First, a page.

Who should be on the hook when brokers fail to pay arbitration awards? Interested parties speaking before the SEC Investor Advisory Committee on Thursday disagreed on the answer.
The head of a securities lawyers group told the panel that too many awards are going unpaid and that the entire brokerage industry should fund a payment pool, with higher-risk firms ponying up the most money.
"By shifting the cost of misconduct back to the industry, it will have an incentive to regulate its members and weed out the misconduct, which should result in less harm to investors over the long term," said Christine Lazaro, president of the Public Investors Arbitration Bar Association, and a professor of law at St. John's University and director of its Securities Arbitration Clinic.
From 2012 through 2016, the amount of unpaid arbitration awards has ranged from a high of $75 million in 2013 to a low of $14 million in 2016.
Ms. Lazaro said one option for funding a pool to pay these awards would be through an assessment on Finra firms, with those engaging in high-risk behavior paying more. An alternative option would be to use Finra fine money, an approach at the heart of legislation introduced by Sen. Elizabeth Warren, D-Mass. Ms. Lazaro said Finra fines easily exceeded unpaid arbitration awards from 2014 through 2016.
But Richard W. Berry, Finra executive vice president and director of its arbitration system, cautioned that allocating fines toward an arbitration pool would hurt other Finra programs.
"Our fine money is going for investor protection already," he told the SEC panel.
Robin Traxler, senior vice president and deputy general counsel at the Financial Services Institute, said establishing a fund would encourage reckless behavior by rogue brokers who know they wouldn't have to pay the awards and hurt honest firms that finance the fund.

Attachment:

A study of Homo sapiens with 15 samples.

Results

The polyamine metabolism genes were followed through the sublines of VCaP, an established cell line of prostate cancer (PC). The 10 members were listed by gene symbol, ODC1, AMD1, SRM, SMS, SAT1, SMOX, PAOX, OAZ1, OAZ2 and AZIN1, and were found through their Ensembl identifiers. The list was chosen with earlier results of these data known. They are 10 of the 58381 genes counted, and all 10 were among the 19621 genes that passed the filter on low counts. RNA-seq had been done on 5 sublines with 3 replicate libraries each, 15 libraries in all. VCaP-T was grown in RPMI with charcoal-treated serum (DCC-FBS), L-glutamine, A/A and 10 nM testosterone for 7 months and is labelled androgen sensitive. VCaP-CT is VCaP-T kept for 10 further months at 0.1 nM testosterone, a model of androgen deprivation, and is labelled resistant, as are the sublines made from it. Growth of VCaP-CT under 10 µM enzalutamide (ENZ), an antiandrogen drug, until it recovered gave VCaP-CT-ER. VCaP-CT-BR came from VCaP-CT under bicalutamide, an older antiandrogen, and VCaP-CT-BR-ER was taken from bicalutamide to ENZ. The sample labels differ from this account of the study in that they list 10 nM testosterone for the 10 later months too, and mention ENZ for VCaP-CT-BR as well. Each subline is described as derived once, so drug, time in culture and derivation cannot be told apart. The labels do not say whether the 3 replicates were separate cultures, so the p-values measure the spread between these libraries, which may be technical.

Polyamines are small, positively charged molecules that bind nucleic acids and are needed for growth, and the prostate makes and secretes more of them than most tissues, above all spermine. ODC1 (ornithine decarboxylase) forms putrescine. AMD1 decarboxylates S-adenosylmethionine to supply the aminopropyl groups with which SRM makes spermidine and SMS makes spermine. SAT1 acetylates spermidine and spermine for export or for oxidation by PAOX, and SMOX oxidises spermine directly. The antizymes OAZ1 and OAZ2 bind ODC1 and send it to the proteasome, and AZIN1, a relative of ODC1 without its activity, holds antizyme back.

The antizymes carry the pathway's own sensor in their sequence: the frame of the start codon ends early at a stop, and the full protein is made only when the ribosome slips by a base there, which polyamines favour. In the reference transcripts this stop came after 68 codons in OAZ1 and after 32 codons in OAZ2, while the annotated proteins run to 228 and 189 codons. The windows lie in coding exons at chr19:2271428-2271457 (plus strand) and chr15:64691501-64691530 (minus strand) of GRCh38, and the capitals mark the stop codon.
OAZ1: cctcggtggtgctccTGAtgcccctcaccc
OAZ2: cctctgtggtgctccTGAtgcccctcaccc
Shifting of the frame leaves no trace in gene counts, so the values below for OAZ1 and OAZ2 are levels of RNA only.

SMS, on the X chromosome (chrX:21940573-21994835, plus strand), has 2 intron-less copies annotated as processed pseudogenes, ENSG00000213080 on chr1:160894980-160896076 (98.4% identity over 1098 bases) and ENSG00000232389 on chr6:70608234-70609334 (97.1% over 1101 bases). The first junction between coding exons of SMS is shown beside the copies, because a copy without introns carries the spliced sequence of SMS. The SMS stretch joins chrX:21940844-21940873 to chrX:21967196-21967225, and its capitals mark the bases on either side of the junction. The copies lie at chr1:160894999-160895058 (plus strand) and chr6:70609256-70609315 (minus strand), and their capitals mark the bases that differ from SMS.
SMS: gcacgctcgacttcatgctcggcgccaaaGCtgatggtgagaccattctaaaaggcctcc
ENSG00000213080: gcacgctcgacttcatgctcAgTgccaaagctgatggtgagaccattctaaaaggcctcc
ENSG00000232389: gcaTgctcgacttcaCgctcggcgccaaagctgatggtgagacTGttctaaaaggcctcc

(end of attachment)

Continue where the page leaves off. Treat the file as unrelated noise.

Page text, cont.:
She also said forcing firms to pay higher insurance rates or increase their net capital would burden small brokerages.
Instead, she suggested banning bad brokers not only from the brokerage industry — which the Financial Industry Regulatory Authority Inc. does when they don't pay arbitration awards — but also from investment advisory and insurance firms through Finra coordination with the SEC and state insurance and securities regulators.
"This would effectively make it impossible for the bad actors to incur an unpaid award and then simply go work in the investment advisory or insurance industries, where they would continue to have access to investors," Ms. Traxler said.
Last week, Finra published for the first time a list of brokers and firms that have failed to pay arbitration awards.
Mr. Berry stressed that tackling the problem of unpaid arbitration would likely require SEC rulemaking or legislation in addition to Finra action.
"All options are on the table on this," Mr. Berry said. "Finra can't solve this problem alone."
The Investor Advisory Committee represents ordinary investors in making policy recommendations to the SEC.